Andrew O’Hagan spent much of the first half of 2011 with Julian Assange. He’d been hired by Canongate in the UK and Knopf in the US to ghostwrite a memoir/manifesto they’d bought the rights to for about US$2.5 million in total.
It didn’t work out and the publishers finally put out an unauthorised version of O’Hagan’s draft in September that year.
Now, O’Hagan has finally published his “fly on the wall” account of those months in a long piece in the LRB. For all of his undoubted brilliance and courage, Assange doesn’t emerge well from the encounter. If O’Hagan’s right, he’s slowly unravelling under the pressure of inner demons and the astonishing whirlwind he created through Wikileaks.
It’s a fascinating, troubling, sad tale, both for Assange personally and for what might have been had he possessed greater maturity and wisdom. Thankfully, the revolution he helped set in motion doesn’t rely on him.
Snowden was everywhere in the news the last time I decided to drop in on Julian after I’d been out in his neighbourhood. The embassy was quiet. I brought a couple of bottles of beer up from the street and we sat in the dark room. It was a Friday night and Julian had never seemed more alone. We laughed a lot and then he went very deeply into himself. He drank his beer and then lifted mine and drank that. ‘We’ve got some really historic things going on,’ he said. Then he opened his laptop and the blue screen lit his face and he hardly noticed me leaving.
At the time of the Egyptian uprising, Mubarak tried to close down the country’s mobile phone network, a service that came through Canada. Julian and his gang hacked into Nortel and fought against Mubarak’s official hackers to reverse the process. The revolution continued and Julian was satisfied, sitting back in our remote kitchen eating chocolates.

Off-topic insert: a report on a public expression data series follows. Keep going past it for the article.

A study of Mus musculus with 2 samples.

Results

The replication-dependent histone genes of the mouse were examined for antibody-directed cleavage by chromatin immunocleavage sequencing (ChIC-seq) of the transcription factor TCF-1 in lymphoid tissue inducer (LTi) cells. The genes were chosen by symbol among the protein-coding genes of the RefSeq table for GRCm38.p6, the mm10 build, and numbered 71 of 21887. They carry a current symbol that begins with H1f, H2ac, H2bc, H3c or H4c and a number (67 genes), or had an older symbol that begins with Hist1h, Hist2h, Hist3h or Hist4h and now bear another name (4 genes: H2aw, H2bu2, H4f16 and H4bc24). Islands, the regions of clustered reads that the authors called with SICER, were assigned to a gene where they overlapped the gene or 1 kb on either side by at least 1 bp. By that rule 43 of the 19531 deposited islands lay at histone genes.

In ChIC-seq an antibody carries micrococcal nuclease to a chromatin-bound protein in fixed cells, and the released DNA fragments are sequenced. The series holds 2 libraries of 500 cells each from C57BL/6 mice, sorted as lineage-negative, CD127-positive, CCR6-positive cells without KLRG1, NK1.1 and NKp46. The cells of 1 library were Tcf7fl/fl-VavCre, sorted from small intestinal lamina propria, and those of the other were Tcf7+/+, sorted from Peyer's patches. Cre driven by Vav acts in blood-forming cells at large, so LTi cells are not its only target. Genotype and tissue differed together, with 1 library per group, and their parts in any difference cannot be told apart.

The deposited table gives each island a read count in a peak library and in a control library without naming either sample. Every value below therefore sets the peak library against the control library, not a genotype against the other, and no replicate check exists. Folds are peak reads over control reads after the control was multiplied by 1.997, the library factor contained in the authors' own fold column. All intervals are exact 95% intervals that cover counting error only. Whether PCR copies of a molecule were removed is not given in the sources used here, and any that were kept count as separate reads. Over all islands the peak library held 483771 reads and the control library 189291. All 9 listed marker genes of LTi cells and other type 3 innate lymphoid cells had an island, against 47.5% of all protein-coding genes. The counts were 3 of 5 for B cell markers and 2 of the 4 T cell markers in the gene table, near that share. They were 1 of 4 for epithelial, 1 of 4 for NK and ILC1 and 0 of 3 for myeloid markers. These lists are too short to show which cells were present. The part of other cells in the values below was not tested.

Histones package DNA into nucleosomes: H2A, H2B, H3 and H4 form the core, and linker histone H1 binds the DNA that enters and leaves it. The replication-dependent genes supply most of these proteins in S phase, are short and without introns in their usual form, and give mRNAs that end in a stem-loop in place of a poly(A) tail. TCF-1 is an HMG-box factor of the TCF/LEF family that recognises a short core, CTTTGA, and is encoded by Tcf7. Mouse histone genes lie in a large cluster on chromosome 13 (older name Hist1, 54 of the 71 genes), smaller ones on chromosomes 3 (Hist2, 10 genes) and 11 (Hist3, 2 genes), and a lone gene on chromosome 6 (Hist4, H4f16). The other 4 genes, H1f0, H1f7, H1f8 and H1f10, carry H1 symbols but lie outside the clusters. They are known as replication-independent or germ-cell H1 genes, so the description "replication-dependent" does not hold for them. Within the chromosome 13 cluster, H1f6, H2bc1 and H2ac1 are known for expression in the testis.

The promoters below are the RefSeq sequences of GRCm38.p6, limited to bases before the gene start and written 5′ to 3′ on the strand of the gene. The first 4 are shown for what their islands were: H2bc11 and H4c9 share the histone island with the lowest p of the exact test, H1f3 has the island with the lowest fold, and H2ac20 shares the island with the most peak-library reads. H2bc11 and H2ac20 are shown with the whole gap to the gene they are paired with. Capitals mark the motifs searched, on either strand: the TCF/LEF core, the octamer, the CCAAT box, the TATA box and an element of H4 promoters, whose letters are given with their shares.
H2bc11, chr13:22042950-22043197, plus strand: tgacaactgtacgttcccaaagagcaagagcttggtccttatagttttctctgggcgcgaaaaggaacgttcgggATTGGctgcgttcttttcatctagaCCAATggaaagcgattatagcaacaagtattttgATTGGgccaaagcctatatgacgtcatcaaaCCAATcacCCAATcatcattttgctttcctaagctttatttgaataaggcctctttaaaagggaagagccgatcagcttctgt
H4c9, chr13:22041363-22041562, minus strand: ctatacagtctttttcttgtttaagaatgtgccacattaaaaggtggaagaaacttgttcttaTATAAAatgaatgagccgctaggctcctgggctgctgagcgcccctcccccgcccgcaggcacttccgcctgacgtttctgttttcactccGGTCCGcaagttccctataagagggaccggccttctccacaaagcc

That is why I didn’t walk out. The story was just too large. What Julian lacked in efficiency or professionalism he made up for in courage. What he lacked in carefulness he made up for in impact.
Colin Robinson, who co-published Cypherpunks, Assange’s most recent book, came to his defence in a recent article in the Guardian.
O’Hagan portrays Assange as a Walter Mitty-like fantasist whose absorption with grand and unrealisable schemes prevents him from ever achieving anything practical. Yet this is someone who can number among his achievements the founding of WikiLeaks, the publication of the Iraq and Afghanistan war logs, and the smuggling of Edward Snowden to safety. During the time that O’Hagan writes about, Assange was managing the ongoing Cablegate releases, preparing for his own extradition hearings and a US grand jury investigation, and assembling the Guantanamo documents from Chelsea (then Bradley) Manning that would appear in April 2011.
I have direct experience of Assange’s ability to get things done. The publication of Cypherpunks at the beginning of 2012 involved an intensive editorial and promotional effort by its author. The book is based on substantially edited transcripts of conversations led by Assange and including fellow internet theorist/activists Jacob Appelbaum, Andy Müller-Maghun and Jérémie Zimmermann. Melding these various inputs required close attention to detail and diplomatic flexibility. When it came to promotion, media interviews were agreed to with little fuss; a video parody of Bruno Ganz’s portrayal of Hitler in Downfall was quickly assembled for use as a book trailer; and an op-ed for the New York Times was delivered to a tight deadline, the editorial process smooth and consensual.